Arts

Seven Years of the Art Box Project

For going on a decade now, Silicon Valley artists have been beautifying the bland
This series of utility boxes by Amine Rastgar is at the intersection of Lincoln and Curtner avenues in San Jose.

Since 2011, the Art Box Project San Jose has been giving local artists the opportunity to breathe life into street corners all across Silicon Valley. In the process, these artists have made original masterpieces out of boring utility boxes, those clunky, gray rectangular eyesores that house electrical wiring on sidewalks.

After almost seven years, and contributions from dozens of artists, it's hard to imagine the city without them. To show our appreciation, we got the story behind seven noteworthy pieces.

Sarah Joy Cabana
Bernal Road & Via Del Oro
While preparing ideas for this project, Bay Area artist Sarah Joy Cabana was coping with a murder and three suicides within her own immediate community. She found solace and inspiration by channeling the creation story from the Bible's Book of Genesis, where light is said to be separated from darkness. Sponsored by Gateway Community Outreach, Cabana spent around 40 hours with this project before it was finished in January 2016.

Amine Rastgar
Lincoln & Curtner avenues
Amine Rastgar first got in on the project in 2012, taking an abstract, psychedelic approach where anthropomorphic houses (meant to resemble the homes of Willow Glen) are swimming in coffee, with a pattern of colors floating like a school of fish in the background. But after it was vandalized in 2015, Rastgar took a different approach, hoping to, as he says, reflect the "village-like feel of Willow Glen" and "tell the story of a community."

Laurus Myth
10th & Keyes streets
For this piece, artist and San Jose native Laurus Myth drew inspiration from Coyote Creek and the Clean Creeks, Healthy Communities Initiative. The project itself was sponsored by the Environmental Services Department's Clean Creeks Program. Here, Myth takes Silicon Valley's notoriety as the world's technological epicenter and blends it with the natural splendor that is the Santa Clara Valley. All of this is conveyed through a dichotomy of lucid colors, which depict a layer of cool water against a warm sunset.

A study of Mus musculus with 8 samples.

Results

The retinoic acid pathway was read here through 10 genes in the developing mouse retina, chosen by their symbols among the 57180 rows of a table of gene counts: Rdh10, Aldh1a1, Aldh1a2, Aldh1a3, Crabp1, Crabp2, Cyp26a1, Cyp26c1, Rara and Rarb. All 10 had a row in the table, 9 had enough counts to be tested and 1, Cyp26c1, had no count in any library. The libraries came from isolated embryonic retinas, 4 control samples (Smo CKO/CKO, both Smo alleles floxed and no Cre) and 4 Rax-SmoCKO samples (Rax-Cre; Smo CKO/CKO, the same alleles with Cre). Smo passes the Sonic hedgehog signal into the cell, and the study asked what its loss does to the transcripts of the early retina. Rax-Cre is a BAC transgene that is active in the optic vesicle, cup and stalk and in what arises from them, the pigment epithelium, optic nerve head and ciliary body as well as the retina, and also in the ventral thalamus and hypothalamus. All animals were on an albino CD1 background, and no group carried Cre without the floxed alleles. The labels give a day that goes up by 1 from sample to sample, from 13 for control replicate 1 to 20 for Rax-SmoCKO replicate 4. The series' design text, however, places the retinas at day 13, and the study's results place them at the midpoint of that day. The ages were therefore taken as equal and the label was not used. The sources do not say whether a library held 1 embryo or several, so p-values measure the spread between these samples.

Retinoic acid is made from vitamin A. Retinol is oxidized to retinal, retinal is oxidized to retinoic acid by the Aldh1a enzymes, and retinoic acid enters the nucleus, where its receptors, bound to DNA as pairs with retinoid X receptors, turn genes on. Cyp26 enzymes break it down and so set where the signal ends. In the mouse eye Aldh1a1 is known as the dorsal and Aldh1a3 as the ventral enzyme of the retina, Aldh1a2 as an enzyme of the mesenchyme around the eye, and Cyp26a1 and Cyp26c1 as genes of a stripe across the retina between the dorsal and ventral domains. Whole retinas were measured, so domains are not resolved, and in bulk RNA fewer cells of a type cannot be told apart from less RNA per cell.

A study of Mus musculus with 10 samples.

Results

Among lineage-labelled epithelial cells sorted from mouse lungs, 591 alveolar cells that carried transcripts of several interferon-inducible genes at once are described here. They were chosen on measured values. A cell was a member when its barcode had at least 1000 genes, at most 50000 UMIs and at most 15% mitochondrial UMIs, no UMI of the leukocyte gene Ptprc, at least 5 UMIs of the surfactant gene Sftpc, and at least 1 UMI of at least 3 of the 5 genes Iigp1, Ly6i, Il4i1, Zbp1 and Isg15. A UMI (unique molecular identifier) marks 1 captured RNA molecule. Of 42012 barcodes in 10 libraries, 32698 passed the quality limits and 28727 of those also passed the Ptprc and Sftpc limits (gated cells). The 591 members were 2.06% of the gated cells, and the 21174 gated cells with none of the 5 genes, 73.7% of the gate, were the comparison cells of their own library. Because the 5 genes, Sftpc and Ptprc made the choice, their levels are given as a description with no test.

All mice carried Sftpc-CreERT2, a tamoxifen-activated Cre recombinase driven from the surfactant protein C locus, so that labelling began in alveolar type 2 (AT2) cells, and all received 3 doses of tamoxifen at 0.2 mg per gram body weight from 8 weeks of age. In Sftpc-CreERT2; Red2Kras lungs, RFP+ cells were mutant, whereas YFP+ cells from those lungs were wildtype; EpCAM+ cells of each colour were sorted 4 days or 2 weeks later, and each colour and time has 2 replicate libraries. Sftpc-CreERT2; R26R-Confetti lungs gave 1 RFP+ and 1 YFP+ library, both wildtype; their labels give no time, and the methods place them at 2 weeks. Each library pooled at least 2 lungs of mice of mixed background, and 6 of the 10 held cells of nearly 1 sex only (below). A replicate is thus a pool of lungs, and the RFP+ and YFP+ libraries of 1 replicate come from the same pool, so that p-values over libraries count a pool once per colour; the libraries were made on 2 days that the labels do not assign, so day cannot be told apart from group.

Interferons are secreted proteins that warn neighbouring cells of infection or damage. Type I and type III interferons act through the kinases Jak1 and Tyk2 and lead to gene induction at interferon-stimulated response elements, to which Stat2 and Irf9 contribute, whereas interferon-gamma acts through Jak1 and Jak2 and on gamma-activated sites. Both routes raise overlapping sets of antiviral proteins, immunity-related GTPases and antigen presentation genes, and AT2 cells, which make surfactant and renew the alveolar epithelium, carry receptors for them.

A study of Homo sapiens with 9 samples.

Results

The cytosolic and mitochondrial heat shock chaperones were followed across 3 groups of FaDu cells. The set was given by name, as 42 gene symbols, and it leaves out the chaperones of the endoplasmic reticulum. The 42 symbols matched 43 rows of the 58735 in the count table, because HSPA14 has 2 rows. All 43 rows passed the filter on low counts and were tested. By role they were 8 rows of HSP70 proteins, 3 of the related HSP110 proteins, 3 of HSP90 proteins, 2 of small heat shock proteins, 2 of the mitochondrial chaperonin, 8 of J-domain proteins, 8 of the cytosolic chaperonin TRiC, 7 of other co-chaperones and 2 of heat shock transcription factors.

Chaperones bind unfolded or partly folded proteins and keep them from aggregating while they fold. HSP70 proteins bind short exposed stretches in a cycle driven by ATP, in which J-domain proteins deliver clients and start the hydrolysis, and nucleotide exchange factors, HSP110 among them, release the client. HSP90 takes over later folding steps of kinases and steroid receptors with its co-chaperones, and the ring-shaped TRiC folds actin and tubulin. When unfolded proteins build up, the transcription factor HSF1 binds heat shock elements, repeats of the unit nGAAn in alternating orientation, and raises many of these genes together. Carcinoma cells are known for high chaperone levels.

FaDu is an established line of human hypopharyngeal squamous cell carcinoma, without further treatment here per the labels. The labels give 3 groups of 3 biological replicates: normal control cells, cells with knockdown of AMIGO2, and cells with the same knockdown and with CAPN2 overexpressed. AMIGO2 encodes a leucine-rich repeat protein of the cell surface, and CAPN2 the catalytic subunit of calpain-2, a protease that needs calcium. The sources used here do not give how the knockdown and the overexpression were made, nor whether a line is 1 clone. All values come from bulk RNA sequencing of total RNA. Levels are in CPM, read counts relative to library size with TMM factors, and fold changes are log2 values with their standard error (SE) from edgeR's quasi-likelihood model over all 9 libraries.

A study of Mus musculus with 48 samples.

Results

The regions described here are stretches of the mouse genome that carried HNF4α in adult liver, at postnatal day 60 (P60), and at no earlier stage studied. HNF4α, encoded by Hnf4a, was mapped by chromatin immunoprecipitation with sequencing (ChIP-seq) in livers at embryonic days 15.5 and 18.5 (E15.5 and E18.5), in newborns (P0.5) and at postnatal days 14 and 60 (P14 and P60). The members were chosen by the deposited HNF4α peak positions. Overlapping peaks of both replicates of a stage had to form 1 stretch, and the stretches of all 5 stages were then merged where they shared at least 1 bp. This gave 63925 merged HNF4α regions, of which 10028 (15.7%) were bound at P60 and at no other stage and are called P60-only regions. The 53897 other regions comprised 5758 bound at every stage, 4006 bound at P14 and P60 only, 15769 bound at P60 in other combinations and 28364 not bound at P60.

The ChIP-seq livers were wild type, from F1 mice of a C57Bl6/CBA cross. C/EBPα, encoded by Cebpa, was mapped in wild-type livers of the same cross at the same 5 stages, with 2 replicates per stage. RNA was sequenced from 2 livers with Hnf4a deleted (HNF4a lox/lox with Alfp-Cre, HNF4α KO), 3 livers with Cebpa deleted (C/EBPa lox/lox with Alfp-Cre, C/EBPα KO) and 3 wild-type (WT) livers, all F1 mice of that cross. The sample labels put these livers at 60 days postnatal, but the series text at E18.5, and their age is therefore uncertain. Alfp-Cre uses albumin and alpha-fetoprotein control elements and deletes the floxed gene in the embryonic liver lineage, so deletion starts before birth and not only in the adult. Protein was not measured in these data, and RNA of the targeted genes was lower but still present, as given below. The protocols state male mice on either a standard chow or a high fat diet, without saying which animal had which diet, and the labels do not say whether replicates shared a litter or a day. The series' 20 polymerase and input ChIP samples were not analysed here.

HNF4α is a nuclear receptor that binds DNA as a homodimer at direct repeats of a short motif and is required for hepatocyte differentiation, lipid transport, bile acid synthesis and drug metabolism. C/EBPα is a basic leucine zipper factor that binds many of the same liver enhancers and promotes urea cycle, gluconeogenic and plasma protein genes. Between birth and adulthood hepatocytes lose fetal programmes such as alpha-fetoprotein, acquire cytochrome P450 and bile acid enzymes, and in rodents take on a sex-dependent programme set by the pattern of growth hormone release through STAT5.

Laurus Myth
Meridian Avenue & Curci Drive
This project, sitting in front of a retirement home near the Los Gatos Creek Trail, was sponsored by a private investor who wanted the box beautified for her mother. Another work by Myth, the piece was inspired by the surrounding community that welcomed her as she worked. She said she wanted to incorporate "the natural colors of the neighborhood while representing the seeds of possibility," and that the box is a "direct result of individuals wanting to make a difference, even in a small way."

David Mejia
Market & St. James streets
When San Jose artist David Mejia was asked to work on a box posted outside the courthouse in the heart of downtown, he was told keep things on theme. But as he researched different courtrooms online, all he found were images of drab rooms with horrible lighting—exactly the opposite of the mission of the community project. So he searched for courtroom dramas instead, and found inspiration from movies like The Verdict, where the courtroom had a dark wood finish with dynamic lighting.

Mireya Villanueva
Scott Street & Bascom Avenue
On the first day she started her project, way back in 2013, Mireya Villanueva had the cops called on her when a local business owner thought she was vandalizing the utility box. Obviously, she was doing nothing wrong. And eventually, after her vision for the box began to take shape, the owner's opinion of the project shifted. Villanueva found inspiration in the children of the neighborhood and wanted to produce something that would help put a smile on everyone's face when they saw it, so she went with a bright and colorful circus theme.

David Canavese
Campbell & Union avenues
When he heard that Campbell was taking submissions for a prospective box, David Canavese jumped at the chance to participate. He wanted to experiment with narrative artwork by using pixel art—or what calls telling a story through "a Mario-like, sidescroller format." His work playfully shows us what it'd be like if aliens came to Campbell, incorporating local landmarks like Gower's National Bank Building, the Campbell Water Tower and Highway 17 Portals Project, before construction on it began. Canavese had to enlist the help of dozens of his friends to help fill in each square, sometimes working 12 hour days. Altogether, the project took about three months to complete.